In the tiny Italian town of Cuccaro Vetere, some 150 kilometers south of Naples, villagers are surrounded by nature and an incredible variety of local fruits. The town, which is in Campania’s province of Salerno, has just over 500 inhabitants, and – even more than their nature’s bounty – these residents are known for one thing: their long lifespans.
Here in Cuccaro Vetere, the celebrated “Mediterranean diet” – a regional set of culinary practices and traditions that UNESCO in 2013 designated as a Cultural Heritage of Humanity – is simply called food, and researchers believe it is why the villagers live to a ripe, old age.
Nicoletta Damato, 78 years old, is living proof of how important what we eat is to the human body. Her serene attitude almost speaks for her, but she coyly gives us one piece of advice: “The secret is to live in a place like this, in the midst of nature, far from metropolitan chaos.”
“Fast food doesn’t exist here, and we don’t want it.”
“My family, like most of the local families, leads a simple life. Not very hectic, and made up of simple things, such as the food we eat: vegetables, mushrooms, chestnuts, wine, etc,” she adds.
“We rarely go to restaurants, and we mainly eat what we grow ourselves. Fast food doesn’t exist here, and we don’t want it,” Nicoletta says.
In a couple of important studies from the 1990s and early 2000s, the Mediterranean diet was pinpointed as having a preventive effect against cardiovascular disease. However, it is not yet clear what elements present in the diet make this occur. An Italian-Swedish research project is trying to uncover this mystery by mapping the eating habits of the Cilento region. This area, which includes Cuccaro Vetere (as well as Ikria, Greece and parts of Sardinia, among other places), is designated as one of the “blue zones” of the world, where an unusual number of people manage to live longer than in other places.
At the end of September 2021, I followed a group from Sweden between the ages of 50 and 80 who went to Cilento and ate only local food for a week as part of a project studying the Mediterranean diet. A comprehensive set of samples were taken at the start and end of the project from each individual, including blood and stool tests, and numerous other checks were made, including height, weight, body mass index, blood fat, blood sugar, and blood pressure. The results were astounding: after only a week of eating in Cilento, small improvements were revealed.
The relationship of Cilento’s residents with food has always been a relationship of love. There are people who, even after reaching the age of 80, still want to work the fields. They continue to enjoy the fruits that nature has given them.
Some say that local wine is another of the secrets of the long life of the Cilento people. This is confirmed by Francesco Luongo, a 53-year-old man who lives in Cuccaro Vetere and who has been involved in the production of artisanal red wine for many years. “Here, the land has something special compared to other places. The food and wine we produce are a plus for all of us. Simple products, low in calories, but that make us live well and for a long time.”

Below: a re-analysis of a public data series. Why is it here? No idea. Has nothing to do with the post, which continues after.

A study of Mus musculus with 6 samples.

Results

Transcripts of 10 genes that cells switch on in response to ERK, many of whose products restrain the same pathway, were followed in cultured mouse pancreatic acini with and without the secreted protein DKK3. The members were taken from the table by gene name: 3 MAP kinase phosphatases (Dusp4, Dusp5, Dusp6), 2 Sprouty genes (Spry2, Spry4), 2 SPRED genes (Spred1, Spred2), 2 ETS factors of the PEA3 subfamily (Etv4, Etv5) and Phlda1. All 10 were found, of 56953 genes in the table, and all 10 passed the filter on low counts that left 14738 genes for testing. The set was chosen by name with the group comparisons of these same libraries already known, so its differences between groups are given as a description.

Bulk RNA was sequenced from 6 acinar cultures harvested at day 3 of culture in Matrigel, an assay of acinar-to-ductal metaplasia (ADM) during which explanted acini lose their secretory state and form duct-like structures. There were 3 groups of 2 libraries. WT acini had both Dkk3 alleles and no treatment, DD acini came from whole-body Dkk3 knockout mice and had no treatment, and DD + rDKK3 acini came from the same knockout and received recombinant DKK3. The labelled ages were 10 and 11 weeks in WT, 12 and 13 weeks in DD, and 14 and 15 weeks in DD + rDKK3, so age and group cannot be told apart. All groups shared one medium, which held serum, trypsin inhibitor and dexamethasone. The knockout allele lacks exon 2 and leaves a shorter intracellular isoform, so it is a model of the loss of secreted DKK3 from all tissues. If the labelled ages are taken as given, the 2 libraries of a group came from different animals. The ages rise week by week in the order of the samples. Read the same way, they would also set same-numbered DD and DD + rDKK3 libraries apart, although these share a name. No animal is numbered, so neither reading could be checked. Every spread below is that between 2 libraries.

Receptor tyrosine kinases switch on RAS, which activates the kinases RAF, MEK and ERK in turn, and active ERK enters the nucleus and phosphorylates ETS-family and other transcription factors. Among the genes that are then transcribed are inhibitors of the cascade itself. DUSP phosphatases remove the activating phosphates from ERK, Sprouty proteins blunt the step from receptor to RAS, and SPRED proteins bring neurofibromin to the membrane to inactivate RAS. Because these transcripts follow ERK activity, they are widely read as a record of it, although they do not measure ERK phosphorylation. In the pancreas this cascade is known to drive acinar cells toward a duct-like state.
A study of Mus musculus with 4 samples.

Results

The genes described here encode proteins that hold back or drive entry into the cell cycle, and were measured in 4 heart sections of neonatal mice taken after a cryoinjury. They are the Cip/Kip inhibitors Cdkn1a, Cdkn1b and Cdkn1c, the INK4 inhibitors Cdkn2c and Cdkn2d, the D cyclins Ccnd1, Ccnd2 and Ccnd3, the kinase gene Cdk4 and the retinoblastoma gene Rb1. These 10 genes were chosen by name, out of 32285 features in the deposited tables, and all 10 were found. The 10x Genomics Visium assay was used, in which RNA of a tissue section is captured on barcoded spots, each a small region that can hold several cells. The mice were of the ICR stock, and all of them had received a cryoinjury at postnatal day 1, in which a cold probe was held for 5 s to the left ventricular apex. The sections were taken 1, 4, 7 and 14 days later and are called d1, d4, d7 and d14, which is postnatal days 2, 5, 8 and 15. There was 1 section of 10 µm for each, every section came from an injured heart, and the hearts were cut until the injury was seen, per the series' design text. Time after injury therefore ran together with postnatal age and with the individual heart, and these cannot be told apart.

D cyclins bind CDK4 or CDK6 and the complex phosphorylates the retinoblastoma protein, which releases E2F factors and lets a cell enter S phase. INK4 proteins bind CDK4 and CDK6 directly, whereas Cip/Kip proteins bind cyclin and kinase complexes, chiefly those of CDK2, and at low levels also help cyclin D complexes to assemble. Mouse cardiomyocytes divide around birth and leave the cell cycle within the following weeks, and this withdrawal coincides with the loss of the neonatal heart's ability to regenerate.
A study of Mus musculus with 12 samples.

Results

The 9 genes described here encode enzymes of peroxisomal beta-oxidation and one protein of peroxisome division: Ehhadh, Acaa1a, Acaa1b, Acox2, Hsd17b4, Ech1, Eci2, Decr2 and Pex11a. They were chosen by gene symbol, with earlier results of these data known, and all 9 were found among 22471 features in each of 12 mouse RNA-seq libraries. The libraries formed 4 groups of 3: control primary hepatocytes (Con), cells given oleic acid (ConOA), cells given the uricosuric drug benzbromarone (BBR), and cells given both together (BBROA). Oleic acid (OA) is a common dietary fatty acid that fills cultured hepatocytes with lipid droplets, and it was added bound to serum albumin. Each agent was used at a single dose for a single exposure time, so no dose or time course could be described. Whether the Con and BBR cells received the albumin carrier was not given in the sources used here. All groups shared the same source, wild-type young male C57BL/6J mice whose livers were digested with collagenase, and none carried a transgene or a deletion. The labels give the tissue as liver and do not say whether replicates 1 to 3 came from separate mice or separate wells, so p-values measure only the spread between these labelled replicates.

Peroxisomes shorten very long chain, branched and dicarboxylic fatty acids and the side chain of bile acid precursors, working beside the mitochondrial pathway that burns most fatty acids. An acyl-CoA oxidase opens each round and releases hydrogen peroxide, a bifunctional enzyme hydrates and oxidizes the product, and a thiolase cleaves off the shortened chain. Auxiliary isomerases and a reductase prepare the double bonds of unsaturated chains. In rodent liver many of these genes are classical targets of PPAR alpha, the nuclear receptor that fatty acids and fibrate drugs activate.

About 50 km away from the village in Cicerale, the Corbella farmhouse has become an obligatory stop over the years for lovers of healthy food. The first thing that strikes people when they arrive is the silence. You have the feeling of being totally surrounded by its natural beauty. There isn’t even phone service out here, so the possibility of being distracted by technology is zero.
The 63-year-old chef Giovanna Voria works in what she calls a food paradise. She is considered the most authoritative ambassador of Cilento and the Mediterranean diet. Her cuisine is made up of wild herbs, legumes and seasonal fruits: A mix of simplicity and goodness that has led her dishes to the Venice Film Festival, the fencing world championships in Catania, and to tables in New York, Venezuela and Brazil.
Those who arrive at her farm are mainly people who live in the neighboring areas, who know and appreciate her cooking concept and want to have an unforgettable experience. At the Corbella farmhouse, it is impossible for us not to order the cheese, cured meat and fruit appetizers, or a plate of bruschetta with cheese, ricotta and walnuts.
The smells begin to delight the senses even before the waiter comes to serve us. Our eyes are immediately stimulated by the bright colors that make up the dish, something only the products of nature can do. Usually, after appetizers, Giovanna offers her diners a plate of lagane made with black chickpea flour, a type of fresh pasta typical of southern Italy. Of very ancient origins, lagane dates back to the time of the ancient Romans and from them over time other shapes have originated, such as tagliatelle. The lagane is followed by a plate of chickpea flour polenta with ciambotta, a vegetable stew.
Studies and research on the Mediterranean diet are a very difficult art, because there are many variables to take into consideration. The one thing that seems certain at the moment, however, is that the more natural the food, the greater the benefits for human health. Cilento and its people feel they are clear proof of this.